One Mosquito Bite too Late: Why Heartworm Prevention Matters
Mosquitoes come with the territory in hot, humid Florida, but that doesn’t mean we have to like them or the diseases they can spread. Sure, entomologists may be able to proclaim some far-fetched advantages to having these insects around, but the transmission of heartworm disease will never be one of them.
The prevalence of heartworm is excessively high in our climate, but with diligent heartworm prevention, every pet owner can breathe (preferably through a screen) a deep sigh of relief.
All Together Now
April is National Heartworm Awareness Month. Why raise national awareness regarding this issue? Because heartworm disease can be fatal to your beloved pets, but it’s completely preventable via monthly medication and yearly blood tests.
Mosquitoes take a bite from an animal infected with heartworm disease. The microscopic worms are then deposited in the bloodstream of the mosquito’s next victim, where they mature over time. Eventually, the worms will travel to the lungs, heart chamber, and the surrounding blood vessels, but not before causing damage to other vital organs and arteries. There, they can grow up to 14 inches long and multiply by the hundreds.
Heartworm Prevention is Key
Undetected and untreated, adult worms can survive off of their animal host for over 5 years. While some symptoms are subtle or nonexistent prior to the late stages of infection, the following are most commonly observed:
- Breathing difficulties
- Weight loss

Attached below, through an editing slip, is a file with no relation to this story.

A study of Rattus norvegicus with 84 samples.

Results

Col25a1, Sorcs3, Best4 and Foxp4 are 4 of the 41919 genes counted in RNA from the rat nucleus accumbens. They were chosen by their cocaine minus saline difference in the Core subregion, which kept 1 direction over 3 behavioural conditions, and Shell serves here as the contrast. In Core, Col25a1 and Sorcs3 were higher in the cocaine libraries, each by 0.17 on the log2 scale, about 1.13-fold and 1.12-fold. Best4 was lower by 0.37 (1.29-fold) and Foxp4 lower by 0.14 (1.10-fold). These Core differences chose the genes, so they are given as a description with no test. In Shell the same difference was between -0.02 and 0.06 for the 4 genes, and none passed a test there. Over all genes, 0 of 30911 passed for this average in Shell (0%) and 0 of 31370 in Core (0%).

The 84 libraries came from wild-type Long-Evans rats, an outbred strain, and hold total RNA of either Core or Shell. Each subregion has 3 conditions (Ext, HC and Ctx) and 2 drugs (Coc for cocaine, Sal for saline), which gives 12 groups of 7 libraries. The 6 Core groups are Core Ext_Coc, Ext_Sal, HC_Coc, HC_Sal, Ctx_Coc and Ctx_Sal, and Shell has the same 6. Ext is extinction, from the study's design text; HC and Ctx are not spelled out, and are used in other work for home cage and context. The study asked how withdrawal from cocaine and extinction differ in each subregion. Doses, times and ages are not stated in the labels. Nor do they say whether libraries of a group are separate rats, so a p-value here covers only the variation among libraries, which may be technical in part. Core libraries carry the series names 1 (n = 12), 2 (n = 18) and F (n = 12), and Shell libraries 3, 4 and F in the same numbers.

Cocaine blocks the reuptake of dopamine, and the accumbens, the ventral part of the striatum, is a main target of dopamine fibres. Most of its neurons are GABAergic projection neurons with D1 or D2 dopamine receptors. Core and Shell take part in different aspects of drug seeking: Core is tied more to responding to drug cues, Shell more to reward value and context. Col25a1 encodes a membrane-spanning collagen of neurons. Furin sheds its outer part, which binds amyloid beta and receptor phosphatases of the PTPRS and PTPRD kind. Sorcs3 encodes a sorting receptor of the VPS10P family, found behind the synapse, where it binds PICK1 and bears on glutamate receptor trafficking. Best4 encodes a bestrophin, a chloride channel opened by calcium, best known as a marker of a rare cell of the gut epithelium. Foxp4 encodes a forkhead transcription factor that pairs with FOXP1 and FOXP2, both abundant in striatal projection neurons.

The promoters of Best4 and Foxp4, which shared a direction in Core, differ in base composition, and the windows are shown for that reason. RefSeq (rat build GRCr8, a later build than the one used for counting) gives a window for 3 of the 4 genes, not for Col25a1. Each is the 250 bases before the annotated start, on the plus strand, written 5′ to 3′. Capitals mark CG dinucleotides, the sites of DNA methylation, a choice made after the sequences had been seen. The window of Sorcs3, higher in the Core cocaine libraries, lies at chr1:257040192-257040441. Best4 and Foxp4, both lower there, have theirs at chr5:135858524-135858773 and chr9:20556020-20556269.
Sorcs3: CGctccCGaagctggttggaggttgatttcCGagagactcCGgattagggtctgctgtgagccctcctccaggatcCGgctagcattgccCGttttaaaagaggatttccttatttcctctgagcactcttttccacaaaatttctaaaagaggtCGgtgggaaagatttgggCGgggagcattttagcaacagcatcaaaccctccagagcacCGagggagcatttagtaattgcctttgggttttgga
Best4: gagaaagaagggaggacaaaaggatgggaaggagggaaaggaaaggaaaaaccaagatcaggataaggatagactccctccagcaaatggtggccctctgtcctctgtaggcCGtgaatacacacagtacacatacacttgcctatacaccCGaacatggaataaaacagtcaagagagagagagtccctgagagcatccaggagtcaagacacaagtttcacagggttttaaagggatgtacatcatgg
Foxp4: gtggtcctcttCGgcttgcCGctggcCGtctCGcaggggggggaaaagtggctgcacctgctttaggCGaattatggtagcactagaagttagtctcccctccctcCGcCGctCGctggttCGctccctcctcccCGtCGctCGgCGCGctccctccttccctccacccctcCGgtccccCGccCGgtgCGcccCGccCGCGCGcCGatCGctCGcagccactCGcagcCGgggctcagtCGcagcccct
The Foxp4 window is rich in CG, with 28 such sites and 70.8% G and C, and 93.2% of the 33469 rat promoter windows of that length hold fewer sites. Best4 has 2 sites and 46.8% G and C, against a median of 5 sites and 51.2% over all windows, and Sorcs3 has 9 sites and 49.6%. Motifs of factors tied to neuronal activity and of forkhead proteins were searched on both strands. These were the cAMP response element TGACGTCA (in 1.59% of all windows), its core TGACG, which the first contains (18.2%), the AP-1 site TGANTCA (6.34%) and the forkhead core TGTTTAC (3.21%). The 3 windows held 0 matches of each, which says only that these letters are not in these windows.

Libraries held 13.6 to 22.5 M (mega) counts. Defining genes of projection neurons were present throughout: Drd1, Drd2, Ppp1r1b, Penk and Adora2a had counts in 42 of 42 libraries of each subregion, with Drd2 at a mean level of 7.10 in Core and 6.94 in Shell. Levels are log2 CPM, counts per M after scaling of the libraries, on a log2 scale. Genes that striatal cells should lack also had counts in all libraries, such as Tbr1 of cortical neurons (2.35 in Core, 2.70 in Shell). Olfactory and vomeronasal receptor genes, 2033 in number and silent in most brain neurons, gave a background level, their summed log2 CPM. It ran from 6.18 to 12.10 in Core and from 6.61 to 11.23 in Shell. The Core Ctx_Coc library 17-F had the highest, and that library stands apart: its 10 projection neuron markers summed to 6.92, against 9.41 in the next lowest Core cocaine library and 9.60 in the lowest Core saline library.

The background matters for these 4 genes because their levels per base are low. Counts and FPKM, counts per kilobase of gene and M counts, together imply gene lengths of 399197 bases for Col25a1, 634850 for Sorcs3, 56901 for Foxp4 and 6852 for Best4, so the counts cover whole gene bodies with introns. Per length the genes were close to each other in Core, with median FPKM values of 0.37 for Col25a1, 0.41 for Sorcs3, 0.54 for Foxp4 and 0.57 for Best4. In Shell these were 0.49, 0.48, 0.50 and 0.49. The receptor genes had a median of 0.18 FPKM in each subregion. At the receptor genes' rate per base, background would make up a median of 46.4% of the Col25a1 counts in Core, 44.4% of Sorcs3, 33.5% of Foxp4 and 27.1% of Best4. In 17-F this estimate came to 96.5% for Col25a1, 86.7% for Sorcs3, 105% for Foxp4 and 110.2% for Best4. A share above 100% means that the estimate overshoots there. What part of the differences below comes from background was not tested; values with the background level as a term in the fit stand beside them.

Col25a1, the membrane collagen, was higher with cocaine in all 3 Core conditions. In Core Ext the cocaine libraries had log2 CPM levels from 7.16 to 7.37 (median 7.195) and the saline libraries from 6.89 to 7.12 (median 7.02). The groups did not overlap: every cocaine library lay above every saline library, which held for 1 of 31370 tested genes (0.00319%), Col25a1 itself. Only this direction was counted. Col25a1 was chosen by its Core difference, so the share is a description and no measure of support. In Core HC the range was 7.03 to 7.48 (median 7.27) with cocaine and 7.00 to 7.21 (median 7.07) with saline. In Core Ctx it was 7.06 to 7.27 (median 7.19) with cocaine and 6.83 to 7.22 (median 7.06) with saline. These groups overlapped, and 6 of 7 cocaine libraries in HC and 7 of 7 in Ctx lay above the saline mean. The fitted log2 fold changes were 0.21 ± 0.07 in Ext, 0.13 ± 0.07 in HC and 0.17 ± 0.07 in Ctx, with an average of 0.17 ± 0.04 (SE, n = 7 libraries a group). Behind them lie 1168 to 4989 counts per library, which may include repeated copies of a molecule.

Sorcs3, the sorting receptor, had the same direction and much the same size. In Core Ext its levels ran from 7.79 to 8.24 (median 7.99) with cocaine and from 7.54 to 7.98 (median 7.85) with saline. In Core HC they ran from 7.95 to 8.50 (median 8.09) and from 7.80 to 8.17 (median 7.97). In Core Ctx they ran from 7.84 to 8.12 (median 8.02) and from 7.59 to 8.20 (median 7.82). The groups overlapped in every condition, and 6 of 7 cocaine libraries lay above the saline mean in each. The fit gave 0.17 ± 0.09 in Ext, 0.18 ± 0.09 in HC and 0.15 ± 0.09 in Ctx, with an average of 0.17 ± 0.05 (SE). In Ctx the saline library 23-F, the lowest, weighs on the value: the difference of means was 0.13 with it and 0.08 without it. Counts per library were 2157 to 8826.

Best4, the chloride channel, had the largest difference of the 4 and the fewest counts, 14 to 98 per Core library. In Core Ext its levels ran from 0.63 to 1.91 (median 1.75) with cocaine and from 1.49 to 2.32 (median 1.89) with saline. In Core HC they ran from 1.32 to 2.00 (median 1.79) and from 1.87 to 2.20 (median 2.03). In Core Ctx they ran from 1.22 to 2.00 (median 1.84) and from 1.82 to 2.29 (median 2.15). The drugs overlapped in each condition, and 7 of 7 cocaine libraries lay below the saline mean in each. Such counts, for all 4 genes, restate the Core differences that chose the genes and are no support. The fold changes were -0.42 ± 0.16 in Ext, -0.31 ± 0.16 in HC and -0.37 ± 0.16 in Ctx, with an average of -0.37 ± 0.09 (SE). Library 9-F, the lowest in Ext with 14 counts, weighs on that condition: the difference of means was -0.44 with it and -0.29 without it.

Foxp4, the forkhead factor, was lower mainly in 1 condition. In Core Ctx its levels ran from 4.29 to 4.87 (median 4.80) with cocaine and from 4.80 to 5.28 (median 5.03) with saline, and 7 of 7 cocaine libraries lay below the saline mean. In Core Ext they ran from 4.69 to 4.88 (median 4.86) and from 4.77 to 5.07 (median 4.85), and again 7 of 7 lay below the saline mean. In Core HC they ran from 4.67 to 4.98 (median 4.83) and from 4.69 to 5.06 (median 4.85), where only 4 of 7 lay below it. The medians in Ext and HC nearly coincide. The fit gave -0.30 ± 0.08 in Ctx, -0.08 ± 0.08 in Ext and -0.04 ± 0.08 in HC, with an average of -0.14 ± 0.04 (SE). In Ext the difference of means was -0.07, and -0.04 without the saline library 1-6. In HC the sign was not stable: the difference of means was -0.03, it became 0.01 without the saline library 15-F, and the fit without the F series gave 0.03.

- Exhaustion after mild exercise
An estimated one million dogs are infected with heartworm disease in the United States. As it only takes one pesky mosquito to spread the disease, all pets should be protected.
Have you ever wondered why we test your pet for heartworm once a year? Because it takes about 6 months for an infected pet to have a positive reading on a heartworm test. It’s also important that all pets be “in the clear” before taking a heartworm preventive medication because an animal with a positive result could be at risk for a medical emergency if heartworm medication is given orally or topically.
What About Indoor Pets?
We’ve all been followed inside by a hungry mosquito. Where does that leave an indoor-only cat who’s not on a year-round heartworm preventive? Sadly, this scenario is not uncommon, and since there’s no treatment available for cats infected with heartworm disease, prevention is key. Otherwise, heartworms are fatal. Likewise, animals with thick coats are not immune to a bite from a hungry, infected mosquito.
Dogs can be treated for heartworm, but it can be costly and extensive. Since the cost of prevention is 15 times less than the cost of treatment, the answer is quite clear.
Heartworm prevention matters to us year-round, but when mosquitoes hit their peak in the summer months, we all have to be on our guard. Across all state lines, there are over 20 different varieties of mosquitoes that are active at various times throughout the year – and all types have the potential to infect your precious pet.